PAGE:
The Winterthur Museum in Wilmington, Del., has scheduled a forum on Furniture Traditions of the Early American Countryside on Apr. 12-14. The program will include lectures, a craft demonstration, and workshops highlighting exciting new research on cabinetmakers in New England, the Shenandoah Valley, and the South
“It will inspire greater understanding of, and appreciation for, the many cultural crosscurrents that shaped life throughout 18th- and early 19th-century rural America,” according to a gallery statement.
The Winterthur Furniture Forums are a combination of tours, scholarly briefings, and demonstrations providing a deep dive into themed topic related to period furniture.
“The periodic forums provide an entertaining and informative deep dive into period furniture history, key pieces, major makers, original owners, attribution criteria, and differentiating construction methods, all organized around the chosen theme for each year’s meeting,” the gallery said.
“Several hundred attendees are drawn from academics, high-end collectors, top dealers, museum curators, museum conservators, and furniture makers. The forum is an excellent way to increase your appreciation for, and understanding of, American period furniture.”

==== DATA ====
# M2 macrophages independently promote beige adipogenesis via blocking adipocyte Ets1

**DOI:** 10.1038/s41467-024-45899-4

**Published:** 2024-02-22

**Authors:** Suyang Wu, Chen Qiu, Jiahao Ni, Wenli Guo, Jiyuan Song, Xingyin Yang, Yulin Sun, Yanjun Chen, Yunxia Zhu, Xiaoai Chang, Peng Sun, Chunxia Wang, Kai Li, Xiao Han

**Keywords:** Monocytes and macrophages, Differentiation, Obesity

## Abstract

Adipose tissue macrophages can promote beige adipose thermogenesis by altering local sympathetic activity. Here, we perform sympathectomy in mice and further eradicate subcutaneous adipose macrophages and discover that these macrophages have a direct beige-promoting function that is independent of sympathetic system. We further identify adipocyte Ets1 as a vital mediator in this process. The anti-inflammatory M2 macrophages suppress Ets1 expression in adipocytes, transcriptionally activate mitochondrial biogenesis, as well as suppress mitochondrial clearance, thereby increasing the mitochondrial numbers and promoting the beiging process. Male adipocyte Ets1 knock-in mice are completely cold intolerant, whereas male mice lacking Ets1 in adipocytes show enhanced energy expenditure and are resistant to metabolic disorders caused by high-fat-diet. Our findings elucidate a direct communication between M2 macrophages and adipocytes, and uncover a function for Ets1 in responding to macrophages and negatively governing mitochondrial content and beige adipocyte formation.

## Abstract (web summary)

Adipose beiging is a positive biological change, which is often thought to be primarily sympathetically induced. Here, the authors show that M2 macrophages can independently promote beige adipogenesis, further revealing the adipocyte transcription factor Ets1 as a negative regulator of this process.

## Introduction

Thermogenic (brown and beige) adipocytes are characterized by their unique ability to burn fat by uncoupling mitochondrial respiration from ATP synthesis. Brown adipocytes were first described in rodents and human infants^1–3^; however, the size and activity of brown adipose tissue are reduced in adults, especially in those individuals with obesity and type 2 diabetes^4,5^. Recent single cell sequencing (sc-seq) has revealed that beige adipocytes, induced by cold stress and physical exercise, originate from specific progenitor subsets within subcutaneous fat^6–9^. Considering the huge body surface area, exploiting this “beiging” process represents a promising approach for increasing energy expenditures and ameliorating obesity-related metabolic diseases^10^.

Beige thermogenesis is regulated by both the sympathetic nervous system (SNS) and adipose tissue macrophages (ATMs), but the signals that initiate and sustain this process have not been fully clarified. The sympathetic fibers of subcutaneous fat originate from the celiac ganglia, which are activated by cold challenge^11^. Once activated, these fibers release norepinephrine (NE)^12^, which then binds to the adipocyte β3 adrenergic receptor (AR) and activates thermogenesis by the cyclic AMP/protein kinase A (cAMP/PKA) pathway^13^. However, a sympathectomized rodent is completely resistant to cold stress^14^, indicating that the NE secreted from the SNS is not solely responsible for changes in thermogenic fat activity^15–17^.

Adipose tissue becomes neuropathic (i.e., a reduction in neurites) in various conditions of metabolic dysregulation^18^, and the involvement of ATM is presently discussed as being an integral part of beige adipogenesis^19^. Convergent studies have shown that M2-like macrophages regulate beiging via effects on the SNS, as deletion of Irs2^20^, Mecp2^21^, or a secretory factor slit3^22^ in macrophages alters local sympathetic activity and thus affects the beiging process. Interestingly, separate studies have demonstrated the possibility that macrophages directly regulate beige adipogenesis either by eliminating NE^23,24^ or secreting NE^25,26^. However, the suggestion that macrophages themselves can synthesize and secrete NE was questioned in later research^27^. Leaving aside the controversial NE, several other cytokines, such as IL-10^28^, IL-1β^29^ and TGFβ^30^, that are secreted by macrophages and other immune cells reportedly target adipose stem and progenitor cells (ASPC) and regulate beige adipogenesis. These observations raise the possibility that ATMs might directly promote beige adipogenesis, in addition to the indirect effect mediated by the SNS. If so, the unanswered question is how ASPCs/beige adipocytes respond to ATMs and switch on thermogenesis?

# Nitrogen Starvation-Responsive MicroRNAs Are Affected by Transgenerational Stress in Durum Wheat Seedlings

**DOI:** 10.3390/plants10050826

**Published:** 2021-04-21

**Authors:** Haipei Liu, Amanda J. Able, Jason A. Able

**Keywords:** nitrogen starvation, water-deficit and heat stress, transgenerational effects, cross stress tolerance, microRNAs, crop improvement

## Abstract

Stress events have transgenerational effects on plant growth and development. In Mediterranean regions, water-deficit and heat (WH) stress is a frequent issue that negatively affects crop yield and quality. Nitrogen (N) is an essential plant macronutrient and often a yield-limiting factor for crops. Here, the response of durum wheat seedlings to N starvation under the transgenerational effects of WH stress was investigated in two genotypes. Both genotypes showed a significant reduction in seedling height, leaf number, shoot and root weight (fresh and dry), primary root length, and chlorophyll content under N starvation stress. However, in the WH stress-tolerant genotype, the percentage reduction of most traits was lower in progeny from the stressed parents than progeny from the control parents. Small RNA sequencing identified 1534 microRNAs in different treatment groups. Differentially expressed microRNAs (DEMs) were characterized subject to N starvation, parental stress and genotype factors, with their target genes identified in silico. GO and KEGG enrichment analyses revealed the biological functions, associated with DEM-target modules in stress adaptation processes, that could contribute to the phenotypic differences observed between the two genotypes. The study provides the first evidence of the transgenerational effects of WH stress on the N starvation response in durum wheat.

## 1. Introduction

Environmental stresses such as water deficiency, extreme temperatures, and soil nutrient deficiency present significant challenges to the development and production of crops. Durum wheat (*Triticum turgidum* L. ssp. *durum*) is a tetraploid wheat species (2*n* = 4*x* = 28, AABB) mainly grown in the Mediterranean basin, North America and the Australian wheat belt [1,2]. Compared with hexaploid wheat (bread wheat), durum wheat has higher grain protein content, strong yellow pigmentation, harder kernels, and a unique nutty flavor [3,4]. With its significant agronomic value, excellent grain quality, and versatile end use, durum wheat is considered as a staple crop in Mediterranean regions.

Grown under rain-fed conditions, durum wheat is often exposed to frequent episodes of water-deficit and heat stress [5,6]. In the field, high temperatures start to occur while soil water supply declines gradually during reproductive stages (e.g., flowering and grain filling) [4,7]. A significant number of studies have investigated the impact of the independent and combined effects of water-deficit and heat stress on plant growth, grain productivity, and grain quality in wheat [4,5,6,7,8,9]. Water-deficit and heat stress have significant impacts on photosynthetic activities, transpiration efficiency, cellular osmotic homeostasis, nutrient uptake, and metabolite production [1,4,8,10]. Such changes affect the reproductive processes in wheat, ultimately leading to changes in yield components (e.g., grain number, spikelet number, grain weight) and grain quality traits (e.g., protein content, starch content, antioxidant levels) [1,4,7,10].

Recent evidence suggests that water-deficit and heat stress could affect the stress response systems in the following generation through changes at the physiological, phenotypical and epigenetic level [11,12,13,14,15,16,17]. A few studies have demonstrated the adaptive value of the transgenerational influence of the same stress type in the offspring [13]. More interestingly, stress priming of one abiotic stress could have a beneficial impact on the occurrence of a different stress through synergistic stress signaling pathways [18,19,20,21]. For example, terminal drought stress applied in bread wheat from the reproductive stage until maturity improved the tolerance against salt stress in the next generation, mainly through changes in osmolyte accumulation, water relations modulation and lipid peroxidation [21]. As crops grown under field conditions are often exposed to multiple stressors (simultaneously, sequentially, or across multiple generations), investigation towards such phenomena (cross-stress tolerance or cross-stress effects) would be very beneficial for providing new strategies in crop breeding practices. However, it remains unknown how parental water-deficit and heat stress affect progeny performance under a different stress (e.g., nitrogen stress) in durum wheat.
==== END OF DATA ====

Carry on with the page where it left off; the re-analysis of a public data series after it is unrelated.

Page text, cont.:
For information, visit www.winterthur.org.
And now for something completely different …
The Leeds City Museum in West Yorkshire, England, is hosting an exhibit on Thomas Chippendale through June 9.
The exhibition is part of a year-long program to celebrate Chippendale’s 300th birthday. It’s being called the most comprehensive exhibition of Chippendale’s work ever presented, and includes furniture, accessories, drawings, documents and other material from collections throughout the United Kingdom.
“Alongside well-known masterpieces from public collections there will be rarely-seen furniture from private houses and some new discoveries, never-before exhibited,” according to a gallery statement. “The exhibition explores Chippendale’s life and work in five major themes: his family origins, training, career and the publication of the ground-breaking Director; his furniture in the Rococo, Gothic, Chinese and neo-Classical styles; the management of his commissions, including relations with clients; his workshops, including manufacturing and decorative techniques; and his legacy from the 18th-century to the present day.”
For more, visit www.chippendale300.co.uk.
This article originally appeared in the April 2018 issue.